The following was my thought process that helped me come to a conclusion on the King James Only controversy. If you are undecided on this issue, try the following:
1. Before addressing which version is perfect, the definition of "preservation" must be resolved. When we have two different ways of defining preservation, we will never be able to move forward to the deeper questions like which one is the "preserved" Word of God. If you define preservation as simply maintaining the fundamental doctrines of the faith, than yes, all modern versions could be considered acceptable. Sadly, many lose such finer points as the virgin birth (changing the word "virgin" to "young woman") or the Deity of Christ (changing the reference to Jesus as the "Son of God" to calling Him "God's Servant"). Many say that these are of no consequence, but I would argue that for a new believer, they may skew his/her doctrine. If you seriously want to come to a decision for yourself, I would suggest starting with deciding, based on your own study of the Bible, to what standard God promised to preserve His Word. The conclusion you come to will be a good starting point for further study.
Matt. 5:18 For verily I say unto you, Till heaven and earth pass, one jot or one tittle shall in no wise pass from the law, till all be fulfilled.
Ps 12:6-7 The words of the LORD are pure words: as silver tried in a furnace of earth, purified seven times. Thou shalt keep them, O LORD, thou shalt preserve them from this generation for ever.
2. If you decide that you believe God promised to preserve His Word forever, and that means every word (not just idea or doctrine) than the second thing you must decide is which version has the preserved Words of God (since all versions differ, only one can be correct, right?).
The King James Version Only crowd didn't just pick their favorite, they picked based on a specific criteria. There are two different underlying manuscripts. The KJV is the only English translation in mass production today that comes from the Textus Receptus (for a quick explanation of the Textus Receptus, visit The Answer Book by Sam Gipp). The other modern versions are based off of the Sinaiticus and Vaticanus. When boiled down to which underlying manuscript is the most accurate, the issue becomes much easier to wade through. Scientifically, non-KJVO's claim their manuscript holds up better under textual criticism, however KJVO's claim they can trace it back and see alterations by men who did not fear God (the Catholic Church played a big role in producing these corrupt manuscripts). The truth is that we don't have the "original autographs" (original writings), and are using around 6,000 different fragments to create our English Translations. Many modern day versions are based on the corrupt texts that Wescott and Hort compiled from the Sinaiticus and Vaticanus manuscripts, and therefore have many passages missing, changed, or corrupted when compared to the Textus Receptus (click here to view their ommissions).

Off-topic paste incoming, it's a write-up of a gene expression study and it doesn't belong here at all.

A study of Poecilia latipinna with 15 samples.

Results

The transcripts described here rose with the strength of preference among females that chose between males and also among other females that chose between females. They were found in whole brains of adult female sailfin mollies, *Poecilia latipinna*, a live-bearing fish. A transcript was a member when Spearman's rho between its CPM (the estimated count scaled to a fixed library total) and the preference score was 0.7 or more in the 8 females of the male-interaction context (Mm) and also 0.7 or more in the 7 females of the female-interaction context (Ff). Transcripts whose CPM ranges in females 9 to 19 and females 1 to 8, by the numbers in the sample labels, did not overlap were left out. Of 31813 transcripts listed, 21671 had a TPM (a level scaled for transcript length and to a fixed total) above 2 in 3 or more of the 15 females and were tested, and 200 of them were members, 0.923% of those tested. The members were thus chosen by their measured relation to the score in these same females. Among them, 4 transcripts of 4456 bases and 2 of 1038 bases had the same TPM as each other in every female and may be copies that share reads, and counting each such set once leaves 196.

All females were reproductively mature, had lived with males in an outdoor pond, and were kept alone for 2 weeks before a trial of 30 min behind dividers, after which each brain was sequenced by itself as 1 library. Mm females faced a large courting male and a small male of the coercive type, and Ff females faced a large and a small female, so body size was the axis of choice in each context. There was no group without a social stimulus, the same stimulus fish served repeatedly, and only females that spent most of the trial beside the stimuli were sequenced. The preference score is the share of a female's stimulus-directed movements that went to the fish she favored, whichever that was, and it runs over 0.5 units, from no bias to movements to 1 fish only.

3. If you decide that you agree with using a Bible that has been translated from the Textus Receptus, than you can reaffirm your decision by looking at who is in each camp. On one side we have those who say that the King James Bible is the only preserved, inerrant Word of God for the English speaking people, and on the other side are those who say that all English versions are acceptable. If you believe point number one (that God preserved every word) than you can only be in one camp. There is nobody that claims that the NASB is the preserved Word of God to the exclusion of all others, nor the NIV, the NKJV, etc.
This is my simple yet effective thought process in wading through the information overload that is out there on this issue. I continue to study, read, and discuss the finer details, however I do so knowing that when God makes a promise, He will keep it.